Tuesday 29th January, 11:00am-12:00pm GMT
On 7 May 2017, a 9-year-old boy was travelling as a passenger in the ATV, which was being driven by a 13-year-old. The vehicle overturned trapping the young boy’s leg between the ground and the roll over protection bars. The child suffered a serious break in his lower leg and sustained an open wound which required a skin graft to be taken from his back to heal. The young boy spent a couple of weeks in hospital and required weeks of physiotherapy.
The HSE’s investigation found the most likely cause of the overturn was the inexperience and age of the driver who was 13 at the time and had no formal training. The HSE point out that the vehicle was a powerful adult-sized machine provided for farm work and should not have been used or travelled in by the children. The manufacturer’s instructions and signage on the machine made it absolutely clear it was not suitable for use by under-16’s and that children should not be carried as passengers, but this was ignored.
E C Haste of Shebbear, Beaworthy, Devon pleaded guilty to breaching Section 3 (1) of the Health and Safety at Work Act 1974 and was fined £28,333 and with costs of £5,254.00.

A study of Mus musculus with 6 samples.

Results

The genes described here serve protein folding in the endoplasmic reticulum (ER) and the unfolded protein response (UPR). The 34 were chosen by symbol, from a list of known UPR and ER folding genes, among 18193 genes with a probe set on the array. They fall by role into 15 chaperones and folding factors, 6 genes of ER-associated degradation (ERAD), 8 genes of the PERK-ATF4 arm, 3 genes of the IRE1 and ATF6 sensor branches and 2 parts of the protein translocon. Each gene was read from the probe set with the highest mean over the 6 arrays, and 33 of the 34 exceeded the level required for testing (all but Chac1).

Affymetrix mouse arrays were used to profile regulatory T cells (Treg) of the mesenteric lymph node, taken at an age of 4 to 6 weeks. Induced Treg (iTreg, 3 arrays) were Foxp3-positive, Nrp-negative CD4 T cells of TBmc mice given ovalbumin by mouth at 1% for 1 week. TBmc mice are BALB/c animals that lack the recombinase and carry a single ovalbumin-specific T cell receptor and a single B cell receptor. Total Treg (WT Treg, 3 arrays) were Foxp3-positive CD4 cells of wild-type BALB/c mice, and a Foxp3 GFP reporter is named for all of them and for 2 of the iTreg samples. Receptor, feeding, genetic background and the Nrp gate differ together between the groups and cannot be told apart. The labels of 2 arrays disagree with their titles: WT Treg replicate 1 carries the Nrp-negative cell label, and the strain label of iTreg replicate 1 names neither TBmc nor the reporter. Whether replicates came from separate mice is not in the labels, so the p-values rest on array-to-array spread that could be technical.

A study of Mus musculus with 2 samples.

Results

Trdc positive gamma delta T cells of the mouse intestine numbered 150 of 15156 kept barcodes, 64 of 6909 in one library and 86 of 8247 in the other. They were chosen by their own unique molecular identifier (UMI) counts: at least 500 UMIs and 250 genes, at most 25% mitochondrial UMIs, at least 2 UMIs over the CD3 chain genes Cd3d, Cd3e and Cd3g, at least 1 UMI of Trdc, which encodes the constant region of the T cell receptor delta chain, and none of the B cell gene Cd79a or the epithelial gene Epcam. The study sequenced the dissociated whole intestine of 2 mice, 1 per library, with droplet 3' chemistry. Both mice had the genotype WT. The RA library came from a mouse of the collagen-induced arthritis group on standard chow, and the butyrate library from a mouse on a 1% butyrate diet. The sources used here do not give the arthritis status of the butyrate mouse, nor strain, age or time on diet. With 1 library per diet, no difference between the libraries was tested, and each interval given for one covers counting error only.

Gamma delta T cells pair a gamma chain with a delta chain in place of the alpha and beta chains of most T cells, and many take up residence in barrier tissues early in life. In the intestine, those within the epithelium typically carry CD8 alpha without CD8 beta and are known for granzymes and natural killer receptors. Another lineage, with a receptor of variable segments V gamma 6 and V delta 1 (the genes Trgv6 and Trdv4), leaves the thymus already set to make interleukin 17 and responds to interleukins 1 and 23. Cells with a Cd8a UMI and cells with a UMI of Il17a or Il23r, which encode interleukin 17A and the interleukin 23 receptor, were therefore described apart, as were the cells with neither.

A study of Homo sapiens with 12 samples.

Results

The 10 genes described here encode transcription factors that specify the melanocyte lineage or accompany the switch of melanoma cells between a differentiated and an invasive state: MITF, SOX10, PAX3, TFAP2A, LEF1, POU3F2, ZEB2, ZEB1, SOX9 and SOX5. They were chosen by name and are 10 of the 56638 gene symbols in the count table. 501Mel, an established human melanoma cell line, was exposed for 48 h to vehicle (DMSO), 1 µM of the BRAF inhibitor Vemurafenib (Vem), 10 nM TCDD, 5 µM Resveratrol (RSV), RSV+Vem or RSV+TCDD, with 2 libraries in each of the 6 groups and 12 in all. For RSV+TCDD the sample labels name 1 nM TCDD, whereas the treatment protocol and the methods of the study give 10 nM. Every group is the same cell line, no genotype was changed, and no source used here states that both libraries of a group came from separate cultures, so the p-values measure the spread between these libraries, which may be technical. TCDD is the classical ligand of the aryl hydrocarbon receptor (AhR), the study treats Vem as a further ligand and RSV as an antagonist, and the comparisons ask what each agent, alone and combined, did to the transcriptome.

Speaking after the hearing, HSE Inspector Emma O’Hara said: “Farms are first and foremost a workplace and children should be kept safe. Most farming incidents could have been avoided if simple precautions had been taken, and such precautions have long been known and are widely published by HSE and our industry partners.
“Children should not be carried as passengers on ATVs. No child under 13 should use an ATV for work and children over 13 should only use appropriate sized lower power ATVs after formal training. There is clear guidance about use of ATV’s in the HSE publication ‘Safe use of all-terrain vehicles in agriculture and forestry’ which can be downloaded for free from the HSE website.
“Farmers should be aware that HSE will not hesitate to take appropriate enforcement action against those that fall below the required standards, especially where children are involved.”